Originally from the Orient, Hydrangea plants flourish in many areas of the United States, especially southern landscapes. These blossoming shrubs prefer warm sun in the morning and shade in the afternoon hours. Hydrangeas produce summer flowers, and ones in shades of blue, pink and white. If you have an existing hydrangea plant, you can easily propagate additional shrubs to place in other areas of your landscape, or to share with friends and neighbors.
Propagate your hydrangeas in early to mid-summer. Water the soil around your hydrangea plant about 18 to 24 hours before propagating. Apply enough water to dampen the top 2 to 3 inches of soil around your plant. Pull out any weeds growing in the area.
Dig a shallow trench in the soil near your hydrangea plant. Use a small hand trowel to scrape a trench, pointing outward from your plant. Make the trench about 2 inches deep and 4 to 5 inches long.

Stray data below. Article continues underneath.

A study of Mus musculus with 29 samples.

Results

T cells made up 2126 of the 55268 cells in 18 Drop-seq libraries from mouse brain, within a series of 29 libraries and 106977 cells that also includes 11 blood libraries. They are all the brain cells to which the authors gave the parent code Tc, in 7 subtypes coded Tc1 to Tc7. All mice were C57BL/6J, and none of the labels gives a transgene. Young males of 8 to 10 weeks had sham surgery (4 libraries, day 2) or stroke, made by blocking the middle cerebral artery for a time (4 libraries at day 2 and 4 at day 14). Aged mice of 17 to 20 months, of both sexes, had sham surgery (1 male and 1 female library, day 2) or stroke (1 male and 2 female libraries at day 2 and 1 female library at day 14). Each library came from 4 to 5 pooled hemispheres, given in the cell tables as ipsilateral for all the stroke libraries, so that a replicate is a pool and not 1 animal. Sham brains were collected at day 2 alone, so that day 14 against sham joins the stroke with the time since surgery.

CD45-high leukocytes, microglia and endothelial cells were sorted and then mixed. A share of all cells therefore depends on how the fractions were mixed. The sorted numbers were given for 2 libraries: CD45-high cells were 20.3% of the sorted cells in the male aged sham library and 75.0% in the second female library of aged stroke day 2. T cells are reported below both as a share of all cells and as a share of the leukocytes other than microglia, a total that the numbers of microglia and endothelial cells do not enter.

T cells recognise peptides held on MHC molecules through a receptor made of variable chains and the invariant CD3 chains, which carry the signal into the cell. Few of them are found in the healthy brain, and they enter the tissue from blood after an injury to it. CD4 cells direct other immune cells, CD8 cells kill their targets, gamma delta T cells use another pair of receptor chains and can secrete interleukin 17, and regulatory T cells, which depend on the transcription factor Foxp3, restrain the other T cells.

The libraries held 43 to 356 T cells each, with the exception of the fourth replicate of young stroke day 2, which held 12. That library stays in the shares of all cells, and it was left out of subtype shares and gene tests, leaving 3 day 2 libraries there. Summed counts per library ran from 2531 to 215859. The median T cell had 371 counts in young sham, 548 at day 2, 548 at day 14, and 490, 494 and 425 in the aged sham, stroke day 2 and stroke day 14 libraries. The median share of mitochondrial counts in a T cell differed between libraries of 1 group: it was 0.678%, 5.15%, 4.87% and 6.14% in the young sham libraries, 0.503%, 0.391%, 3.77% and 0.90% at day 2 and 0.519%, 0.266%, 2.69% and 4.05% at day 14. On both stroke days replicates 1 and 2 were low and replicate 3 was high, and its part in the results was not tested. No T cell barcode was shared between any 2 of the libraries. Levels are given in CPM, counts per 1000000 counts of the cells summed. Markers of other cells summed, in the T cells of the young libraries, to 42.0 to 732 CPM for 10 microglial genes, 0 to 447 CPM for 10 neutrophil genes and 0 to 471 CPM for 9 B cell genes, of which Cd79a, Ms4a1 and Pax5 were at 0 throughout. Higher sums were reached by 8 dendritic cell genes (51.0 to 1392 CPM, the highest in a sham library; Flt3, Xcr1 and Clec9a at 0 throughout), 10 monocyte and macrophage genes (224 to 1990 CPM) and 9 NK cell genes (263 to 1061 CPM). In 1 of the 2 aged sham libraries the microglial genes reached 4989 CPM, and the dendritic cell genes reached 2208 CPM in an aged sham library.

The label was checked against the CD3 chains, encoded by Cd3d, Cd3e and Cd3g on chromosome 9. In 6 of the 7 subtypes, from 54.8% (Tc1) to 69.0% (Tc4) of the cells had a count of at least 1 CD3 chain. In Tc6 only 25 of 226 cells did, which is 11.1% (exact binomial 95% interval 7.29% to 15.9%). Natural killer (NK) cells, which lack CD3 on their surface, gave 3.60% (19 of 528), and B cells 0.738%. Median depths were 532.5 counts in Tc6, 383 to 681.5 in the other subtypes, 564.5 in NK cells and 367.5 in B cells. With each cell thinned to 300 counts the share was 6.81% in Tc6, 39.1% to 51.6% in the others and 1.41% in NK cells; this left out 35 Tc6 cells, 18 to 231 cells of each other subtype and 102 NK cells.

Bend an outer stem of the hydrangea down, into the shallow trench. Make a small wound on the underside of your stem, about 6 to 12 inches from the tip. Make this wound by scraping the outer surface of the stem with your fingernail. Scoop about 1 inch of soil over the wounded section and place a brick on top of it, holding it against the soil.
Bend the exposed tip upwards, off the surface of the soil. Place a garden stake near the upward stem. Use a piece of soft twine to attach the upright segment to the garden stake, holding it in place.
Apply about 1 inch of water to your propagated segment. Keep the soil around the stem slightly damp while roots form. Depending on your climate, this may require light watering every few days. Don't allow the soil to dry out between watering sessions.
Check near the base of your propagated stem for the appearance of new roots. Depending on your soil, climate and variety of hydrangea, new roots can take one to two seasons to form. Once numerous roots appear beneath the weighted section of stem, cut the stem between your new plant and the parent plant with a sharp knife, separating them.